In this post I am going to consider the of semiotic genre of; ‘symbol’ for its emphasis on semantics or the signified / signifier, denotation / connotation relationship rather than what I perceive to be the more arbitrary general aesthetic or subject classifications of ‘landscape’ and ‘people’, for example. In this post I give an explanation of the symbolic.

The transformation that shifts the indexical into the iconic can also carry the iconic into the symbolic, which is the third category of sign devised by C.S.Pierce. As was stated in my previous on the post, the iconic presents a relationship of resemblance between signifier and signified, sign and object. The symbolic presents one that necessitates translation. The symbol neither points to nor resembles what it stands for. (Scott 1999)

The symbolic code is one of language and the more the visual becomes reliant on the language system the more it is carried over into the symbolic and hence into the semantic. Not ‘What is it?’ but ‘What does it mean?’ From this point it may become increasingly abstract. (Scott 1999)

When the signifier does not resemble the signified and the association must be arbitrary and require learning e.g. the western alphabet, as opposed to the Japanese form of presenting alphabetical characters which are pictorially based and therefore more iconographic.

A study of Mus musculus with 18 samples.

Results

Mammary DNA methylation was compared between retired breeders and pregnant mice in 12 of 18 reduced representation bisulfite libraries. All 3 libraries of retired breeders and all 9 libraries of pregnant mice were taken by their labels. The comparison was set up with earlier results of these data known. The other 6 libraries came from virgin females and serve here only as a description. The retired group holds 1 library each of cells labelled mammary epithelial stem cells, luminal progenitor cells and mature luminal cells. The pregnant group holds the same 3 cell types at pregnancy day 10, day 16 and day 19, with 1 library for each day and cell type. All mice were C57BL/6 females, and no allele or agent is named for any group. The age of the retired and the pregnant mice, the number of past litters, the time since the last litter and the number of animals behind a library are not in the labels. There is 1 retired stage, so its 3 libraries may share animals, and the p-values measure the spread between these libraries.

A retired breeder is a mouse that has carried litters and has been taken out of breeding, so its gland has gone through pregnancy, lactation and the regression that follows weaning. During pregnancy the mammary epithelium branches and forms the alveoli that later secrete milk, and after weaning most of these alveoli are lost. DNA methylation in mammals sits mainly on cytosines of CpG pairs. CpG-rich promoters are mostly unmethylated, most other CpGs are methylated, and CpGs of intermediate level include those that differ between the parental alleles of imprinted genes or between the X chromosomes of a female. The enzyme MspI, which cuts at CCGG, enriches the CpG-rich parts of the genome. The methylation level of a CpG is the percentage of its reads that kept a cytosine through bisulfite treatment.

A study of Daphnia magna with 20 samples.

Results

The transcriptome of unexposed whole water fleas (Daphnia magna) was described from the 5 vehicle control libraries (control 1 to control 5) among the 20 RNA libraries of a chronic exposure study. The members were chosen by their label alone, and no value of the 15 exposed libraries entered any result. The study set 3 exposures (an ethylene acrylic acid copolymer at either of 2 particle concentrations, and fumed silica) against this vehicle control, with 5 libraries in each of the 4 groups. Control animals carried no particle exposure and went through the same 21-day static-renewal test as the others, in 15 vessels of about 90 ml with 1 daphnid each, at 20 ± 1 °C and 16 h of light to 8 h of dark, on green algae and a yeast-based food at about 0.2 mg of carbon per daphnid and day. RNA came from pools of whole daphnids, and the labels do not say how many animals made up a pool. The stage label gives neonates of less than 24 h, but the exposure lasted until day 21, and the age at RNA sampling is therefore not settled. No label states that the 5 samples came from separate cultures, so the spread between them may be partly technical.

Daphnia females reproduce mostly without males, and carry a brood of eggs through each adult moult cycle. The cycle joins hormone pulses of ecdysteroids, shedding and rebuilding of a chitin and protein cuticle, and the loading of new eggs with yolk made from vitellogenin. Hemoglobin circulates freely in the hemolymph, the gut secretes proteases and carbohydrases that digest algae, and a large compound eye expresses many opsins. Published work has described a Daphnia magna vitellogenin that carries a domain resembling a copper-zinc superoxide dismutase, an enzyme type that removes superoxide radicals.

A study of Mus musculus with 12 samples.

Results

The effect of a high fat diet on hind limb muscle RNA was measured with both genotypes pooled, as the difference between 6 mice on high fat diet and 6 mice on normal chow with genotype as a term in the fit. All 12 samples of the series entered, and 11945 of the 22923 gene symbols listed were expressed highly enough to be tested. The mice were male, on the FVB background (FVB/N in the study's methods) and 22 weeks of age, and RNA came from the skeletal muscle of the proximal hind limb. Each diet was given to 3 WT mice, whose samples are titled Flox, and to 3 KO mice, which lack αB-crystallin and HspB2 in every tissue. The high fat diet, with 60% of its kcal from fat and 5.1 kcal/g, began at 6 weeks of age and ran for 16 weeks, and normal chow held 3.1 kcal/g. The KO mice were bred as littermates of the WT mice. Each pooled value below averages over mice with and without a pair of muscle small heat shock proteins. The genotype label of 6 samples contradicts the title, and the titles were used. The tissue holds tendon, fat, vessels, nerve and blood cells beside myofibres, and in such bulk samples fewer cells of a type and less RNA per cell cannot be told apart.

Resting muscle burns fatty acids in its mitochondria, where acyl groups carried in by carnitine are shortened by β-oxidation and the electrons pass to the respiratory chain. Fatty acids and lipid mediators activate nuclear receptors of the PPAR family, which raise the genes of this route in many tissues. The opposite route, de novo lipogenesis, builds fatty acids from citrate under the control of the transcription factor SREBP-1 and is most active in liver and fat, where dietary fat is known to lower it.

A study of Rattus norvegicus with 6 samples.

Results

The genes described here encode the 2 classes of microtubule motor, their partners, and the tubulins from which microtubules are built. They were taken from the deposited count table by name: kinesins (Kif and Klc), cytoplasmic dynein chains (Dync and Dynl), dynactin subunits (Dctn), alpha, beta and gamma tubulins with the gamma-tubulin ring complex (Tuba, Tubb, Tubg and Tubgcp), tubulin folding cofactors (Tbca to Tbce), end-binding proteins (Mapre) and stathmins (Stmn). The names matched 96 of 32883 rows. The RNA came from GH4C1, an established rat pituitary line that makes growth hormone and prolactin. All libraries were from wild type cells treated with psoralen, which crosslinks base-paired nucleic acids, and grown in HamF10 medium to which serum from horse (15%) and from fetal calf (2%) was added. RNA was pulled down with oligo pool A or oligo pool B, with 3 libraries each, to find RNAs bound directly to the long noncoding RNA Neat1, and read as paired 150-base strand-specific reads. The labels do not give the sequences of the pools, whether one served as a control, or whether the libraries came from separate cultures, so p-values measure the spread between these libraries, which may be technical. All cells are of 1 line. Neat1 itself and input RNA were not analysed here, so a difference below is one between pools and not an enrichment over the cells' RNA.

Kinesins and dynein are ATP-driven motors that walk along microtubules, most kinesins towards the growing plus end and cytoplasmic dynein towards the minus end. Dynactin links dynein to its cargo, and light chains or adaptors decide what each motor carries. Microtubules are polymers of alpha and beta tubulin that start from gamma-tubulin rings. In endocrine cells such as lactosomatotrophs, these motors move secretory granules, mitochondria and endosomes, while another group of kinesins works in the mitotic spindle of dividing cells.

Because the symbol is linked to the subject by culturally specific convention or more arbitrarily by personal / artistic association, I can use the resonance of metaphor to anchor philosophical, existential or political meaning on a representation of an apparently arbitrary world.

In the photograph titled ‘Little England’, an almost uncomfortably saturated colour image, I have presented a pleasant English scene of middle aged couples (mostly) enjoying afternoon tea. They are all oriented to face the view of a ruined castle (and we all know the Englishmen’s home is his castle and hence contributory to his / her sense of national identity). The seemingly solid structure has weakened and fissured, decaying in testament to the fears we have for our ideas of civilisation; however localised and idealised; and the wish we could turn the clock back to the ‘halcyon days’ we are being robbed of by the ‘other/s’.